Recently the NYT magazine interviewed Carla Hayden, the head librarian at the Library of Congress. The interviewer noted that the Library is “of Congress” because it was originally established to provide members of Congress with what Ms. Hayden calls “unbiased, nonpartisan information.”
So they could, you know, make better decisions.
Aphorisms like “you’re entitled to your own opinions; not your own facts” (attributed to Daniel Moynihan) or “facts are stubborn things” (attributed to John Adams) obscure an inconvenient truth: many of the things we call facts are actually opinions. Not just any opinions, we hope. Rather, they’re opinions supported by a critical mass of evidence (i.e., quantity) that’s been offered by credible people (i.e., quality). And even if stubborn, facts can—and sometimes should—be dislodged.
Science is premised on this idea. A scientific fact—e.g., natural selection or quantum mechanics—is not some immovable monolith rising from the sand. It’s just whatever idea is left over after research has eliminated the other possibilities. But these facts retain a degree of uncertainty. If tomorrow, a melting Arctic iceberg revealed a fossil of a caveman riding a dinosaur—we’d have to reconsider some things.
That doesn’t excuse denialism, which holds that the uncertainty inherent in any scientific fact can negate the underlying evidence. Wrong, obviously: to overcome evidence, you have to offer better evidence.
This idea is also core to our legal system. The law of evidence represents a set of findings, evolved over centuries of legal proceedings, about which kinds of information are trustworthy and which are not. It balances considerations of fairness, efficiency, and human nature. (I loved evidence class in law school—though despite being the only topic that touches every aspect of legal practice, it’s not mandatory.) Central to evidence law is the idea that every unit of evidence rests on a platform of credibility: do we trust the source?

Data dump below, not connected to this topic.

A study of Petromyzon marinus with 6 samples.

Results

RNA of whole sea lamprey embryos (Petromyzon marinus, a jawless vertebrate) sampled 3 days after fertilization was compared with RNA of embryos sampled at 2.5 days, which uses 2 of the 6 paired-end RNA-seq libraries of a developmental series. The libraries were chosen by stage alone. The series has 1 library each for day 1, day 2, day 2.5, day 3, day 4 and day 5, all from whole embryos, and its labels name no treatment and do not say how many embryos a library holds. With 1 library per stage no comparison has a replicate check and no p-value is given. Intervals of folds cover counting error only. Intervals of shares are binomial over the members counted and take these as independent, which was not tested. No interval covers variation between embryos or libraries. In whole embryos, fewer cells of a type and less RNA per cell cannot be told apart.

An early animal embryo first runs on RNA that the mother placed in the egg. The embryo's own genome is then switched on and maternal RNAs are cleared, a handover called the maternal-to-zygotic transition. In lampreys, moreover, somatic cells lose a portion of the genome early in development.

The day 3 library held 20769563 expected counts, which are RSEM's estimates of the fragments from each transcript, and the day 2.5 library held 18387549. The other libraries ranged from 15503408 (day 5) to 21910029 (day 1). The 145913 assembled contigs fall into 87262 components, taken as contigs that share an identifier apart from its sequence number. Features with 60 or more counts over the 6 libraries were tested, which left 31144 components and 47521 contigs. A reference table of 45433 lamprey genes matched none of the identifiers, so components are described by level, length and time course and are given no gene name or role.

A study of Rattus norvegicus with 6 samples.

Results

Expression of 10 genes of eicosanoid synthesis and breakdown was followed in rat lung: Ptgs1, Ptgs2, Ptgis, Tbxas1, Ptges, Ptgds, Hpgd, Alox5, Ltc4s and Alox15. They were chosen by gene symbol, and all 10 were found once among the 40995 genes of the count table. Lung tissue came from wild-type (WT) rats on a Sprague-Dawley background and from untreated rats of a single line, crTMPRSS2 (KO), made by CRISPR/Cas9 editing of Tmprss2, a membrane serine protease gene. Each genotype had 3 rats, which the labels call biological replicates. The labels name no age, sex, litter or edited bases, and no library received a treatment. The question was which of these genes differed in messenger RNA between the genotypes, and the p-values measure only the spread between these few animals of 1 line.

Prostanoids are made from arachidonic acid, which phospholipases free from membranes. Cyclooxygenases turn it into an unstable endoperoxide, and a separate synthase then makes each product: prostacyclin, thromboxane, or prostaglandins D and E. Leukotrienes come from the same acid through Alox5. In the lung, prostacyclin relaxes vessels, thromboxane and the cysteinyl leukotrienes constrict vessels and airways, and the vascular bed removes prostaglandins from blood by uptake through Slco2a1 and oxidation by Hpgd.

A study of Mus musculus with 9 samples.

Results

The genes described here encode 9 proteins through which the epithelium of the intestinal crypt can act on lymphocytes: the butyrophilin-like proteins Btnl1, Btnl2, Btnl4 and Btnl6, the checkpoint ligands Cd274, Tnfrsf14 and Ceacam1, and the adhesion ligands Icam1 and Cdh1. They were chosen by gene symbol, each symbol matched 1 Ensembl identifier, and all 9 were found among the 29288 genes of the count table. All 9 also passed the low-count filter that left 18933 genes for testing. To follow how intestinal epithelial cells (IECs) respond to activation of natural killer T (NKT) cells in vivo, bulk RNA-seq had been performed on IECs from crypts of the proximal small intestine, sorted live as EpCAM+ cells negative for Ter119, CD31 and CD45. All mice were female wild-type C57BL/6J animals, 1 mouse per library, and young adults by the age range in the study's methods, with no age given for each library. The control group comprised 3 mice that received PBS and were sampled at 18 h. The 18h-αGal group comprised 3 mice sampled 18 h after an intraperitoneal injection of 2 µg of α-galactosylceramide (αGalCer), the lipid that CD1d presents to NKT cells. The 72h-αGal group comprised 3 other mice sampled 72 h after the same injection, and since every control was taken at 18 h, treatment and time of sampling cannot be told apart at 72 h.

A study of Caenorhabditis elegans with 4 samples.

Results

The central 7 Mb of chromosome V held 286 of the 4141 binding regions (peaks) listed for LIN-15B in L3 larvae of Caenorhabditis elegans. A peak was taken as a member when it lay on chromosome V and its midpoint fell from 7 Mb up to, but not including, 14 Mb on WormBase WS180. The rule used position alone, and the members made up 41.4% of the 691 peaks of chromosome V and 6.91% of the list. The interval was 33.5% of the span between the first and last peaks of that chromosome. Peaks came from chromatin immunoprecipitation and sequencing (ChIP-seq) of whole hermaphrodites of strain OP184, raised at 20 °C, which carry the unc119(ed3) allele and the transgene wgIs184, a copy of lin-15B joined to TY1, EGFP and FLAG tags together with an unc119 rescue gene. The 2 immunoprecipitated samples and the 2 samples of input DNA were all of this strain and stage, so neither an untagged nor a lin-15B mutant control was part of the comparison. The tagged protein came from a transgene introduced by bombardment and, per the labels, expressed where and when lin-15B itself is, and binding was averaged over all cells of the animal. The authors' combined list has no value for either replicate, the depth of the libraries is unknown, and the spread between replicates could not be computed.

Against that backdrop, it’s interesting that evidence is the part of the legal system that relies most heavily on nonlawyers. When you serve on a jury, your job is to determine facts. How? By weighing the evidence. The notion of “weighing” implies that multiple opinions—for instance, witnesses with conflicting recollections—will compete to be accepted as fact.
In our political system, this is considered a bug. But in jury trials, it’s a feature. In California, when deciding which witness to believe, jurors are instructed to consider not only the substance of the testimony, but also “How did the witness look, act, and speak while testifying?” (As a typographer, I mention this to lawyers who insist—without evidence—that substance always overrides presentation.)
One of my favorite magazines, Mother Jones, was recently named magazine of the year by the American Society of Magazine Editors. Some pigeonhole it as a lefty mouthpiece. Maybe sometimes. But more often, they do the excavation and invite you to consider the evidence unearthed. For instance, when they sent a reporter to work undercover in a private prison for four months. I pay $600 a year for my subscription (though you can pay $12) because these people are serious about the tradition of investigative journalism: follow the evidence. And they don’t take shit from anyone. Good principles for those who want to know more truth.